INDIANAPOLIS | U.S. Sen. Joe Donnelly, D-Ind., is the fourth-most bipartisan senator to serve over the past two decades and the Democrat most willing to work across party lines, according to an analysis from a think tank led by former U.S. Sen. Dick Lugar.

The Lugar Center recently expanded its Bipartisan Index to rate U.S. senators based on how often legislation they sponsored from 1993-2014 attracted co-sponsors from the other political party, and whether a senator co-sponsored measures proposed by someone not of his or her party.

Former U.S. Sen. Lincoln Chafee, R-R.I., who briefly ran for the Democratic presidential nomination, topped the index as the most bipartisan senator. He was followed by U.S. Sens. Susan Collins and Olympia Snowe, both of Maine.

Donnelly, who is in the fourth year of his first term, came in fourth out of the 227 senators who have served in the 100-member chamber since 1993.

"My responsibility is to do what is right for Hoosiers no matter which party an idea may come from," Donnelly said.

"I believe we are stronger and more effective when we work together, and when we prioritize bipartisan efforts we can get things done that will help Indiana and our country."

The namesake of the Lugar Center placed 24th for bipartisanship, just ahead of former Connecticut U.S. Sen. Joe Lieberman, the 2000 Democratic vice presidential nominee.

Lugar represented Indiana in the Senate from 1977 to 2013. He said he believes the nonpartisan analysis "illustrates the changing nature of the Congress" and explains in part "why it has become so dysfunctional in recent years.

"But it also shows that some lawmakers with strong ideological views can nonetheless find common ground with members of the other party," Lugar said.

Of the two senators who also represented Indiana since 1993: Democrat Evan Bayh rated 61st on the Bipartisan Index; Republican Dan Coats placed 214th for his work during two nonconsecutive six-year terms.

Two Republicans from Illinois were among the most willing to work with Senate Democrats. Incumbent U.S. Sen. Mark Kirk and former U.S. Sen. Peter Fitzgerald (1999-2005) were rated 18th and 22nd, respectively.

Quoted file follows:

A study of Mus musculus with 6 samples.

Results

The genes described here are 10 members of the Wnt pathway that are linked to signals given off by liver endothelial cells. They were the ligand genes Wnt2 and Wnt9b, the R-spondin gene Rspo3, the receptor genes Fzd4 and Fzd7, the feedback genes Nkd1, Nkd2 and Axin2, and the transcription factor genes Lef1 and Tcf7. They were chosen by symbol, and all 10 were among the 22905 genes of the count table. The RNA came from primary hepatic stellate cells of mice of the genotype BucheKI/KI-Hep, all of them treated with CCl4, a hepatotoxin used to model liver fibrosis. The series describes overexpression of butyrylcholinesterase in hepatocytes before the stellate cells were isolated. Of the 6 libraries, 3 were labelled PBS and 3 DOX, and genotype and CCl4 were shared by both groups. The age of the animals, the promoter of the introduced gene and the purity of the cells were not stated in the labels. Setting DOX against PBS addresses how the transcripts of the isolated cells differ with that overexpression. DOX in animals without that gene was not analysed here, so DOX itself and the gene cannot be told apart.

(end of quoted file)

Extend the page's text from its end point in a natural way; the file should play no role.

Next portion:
Former U.S. Sen. Carol Moseley Braun, D-Ill., (1993-1999) was the highest-rated Illinois Democratic senator at 93.

She was followed by Paul Simon (1985-97) at 120; Dick Durbin (1997-present) at 126; Barack Obama (2005-08) at 165; and Roland Burris (2009-10) at 221.

The Lugar Center determined the least bipartisan senator over the past two decades was former U.S. Sen. Jim DeMint, R-S.C.

DeMint quit Congress in 2013 to become president of the Heritage Foundation, a leading conservative think tank.

His replacement, U.S. Sen. Tim Scott, R-S.C., was the second-least bipartisan senator, followed by U.S. Sen. Mike Lee, R-Utah, and U.S. Sen. Ted Cruz, R-Texas.

Former U.S. Sen. Hillary Clinton, D-N.Y., scored highest (156) for bipartisanship among current and former Democratic senators still running for president this year. At 217, Vermont Sen. Bernie Sanders was the third-least likely Democrat to work with Republicans.

The Republican presidential candidate most willing to cross party lines was U.S. Sen. Lindsey Graham, R-S.C., in 122nd place.

He was followed by former U.S. Sen. Rick Santorum, R-Pa., at 145; U.S. Sen. Marco Rubio, R-Fla., at 170; U.S. Sen. Rand Paul, R-Ky., at 222; and Cruz at 224.

Edward Montgomery, dean of the McCourt School of Public Policy at Georgetown University, which co-sponsors the Bipartisan Index, said he hopes it reminds lawmakers that conservative or progressive ideologies shouldn't be a deterrent to political cooperation.

"Our society faces significant challenges both domestically and abroad," Montgomery said. "Now, more than ever, we need our lawmakers to work together to get things done."